Jessie Earl: Fresh inquest for art student found dead in 1989

Image caption,
Ms Earl's remains were found in dense undergrowth nine years after she disappeared

A fresh inquest is to be held into the death of an art student whose body was found in undergrowth near Beachy Head more than 30 years ago.

The body of Jessie Earl, 22, was found nine years after she disappeared in 1980 from her Eastbourne bedsit.

An inquest ended with an open verdict in 1989 but the High Court has now ruled there should be a fresh hearing.

Stephen Kamlish QC, for the family, told judges police were instructed in 1989 not to treat the case as a murder.

Parents John and Valerie Earl had criticised the first police investigation as "woefully inadequate".

In 2000, Sussex Police re-investigated the case and concluded Ms Earl had been murdered.

Mr Kamlish told judges the original police investigation was "shut down" after four weeks, with 103 lines of inquiry incomplete, and "twisted away...from the truth".

He said Ms Earl had been nervous about a man she had met while out walking and the first thing a competent officer would do would be to identify that person.

But he said a decision not to class a crime as a homicide meant "a large number of inquiries do not get undertaken".

Mr Kamlish said there was no pathologist at the first inquest and Ms Earl's GP was missing from the witnesses.

He also said the original inquest record missed out "salient features" of the case including a knotted bra found by Ms Earl's naked body that an expert said could have been used to restrain her.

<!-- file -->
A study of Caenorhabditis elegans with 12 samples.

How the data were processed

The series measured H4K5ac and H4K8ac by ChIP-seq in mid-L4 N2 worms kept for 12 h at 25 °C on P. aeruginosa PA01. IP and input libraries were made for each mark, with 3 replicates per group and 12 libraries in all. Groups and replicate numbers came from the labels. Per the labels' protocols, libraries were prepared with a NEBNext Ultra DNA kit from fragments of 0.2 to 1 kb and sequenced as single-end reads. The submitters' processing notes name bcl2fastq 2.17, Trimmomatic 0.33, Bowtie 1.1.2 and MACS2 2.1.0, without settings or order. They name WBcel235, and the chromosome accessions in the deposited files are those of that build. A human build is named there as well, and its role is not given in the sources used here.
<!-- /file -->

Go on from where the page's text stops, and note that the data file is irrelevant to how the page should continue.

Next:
The QC said a report from a behavioural crime analyst, referred to in the second investigation, concluded "there was a high probability that Jessie was strangled by her own clothing".

He said the 1989 verdict left the possibility Ms Earl was to blame for her own death, arguing the coroner should have ruled out the likelihood of suicide.

He noted convicted serial killer Peter Tobin was "suspected of having been at large in the Eastbourne area during the 1980s".

Image caption,
John and Valerie Earl always criticised the first police investigation and the 1989 open verdict

George Thomas, representing the Chief Constable of Sussex Police, an interested party in the case, said police remained formally "neutral" over the application for a fresh inquest.

He said the case remained open but with no active lines of inquiry.

He acknowledged the 1989 investigation was "flawed" because it "appeared to discount the possibility" Ms Earl was murdered, but said claims police deliberately did not follow up lines of inquiry or were strategically misdirected were "unjustified".

Lord Justice Warby, sitting with Mr Justice Saini and His Honour Judge Teague QC, the chief coroner for England and Wales, said there should be an order quashing the original inquest and directing a fresh one to be held.

He said judges would hand down reasons in a written judgment later.

However, Lord Justice Warby said the court would not make an order to exhume Ms Earl's body for DNA profiling and this would be an issue for a new coroner.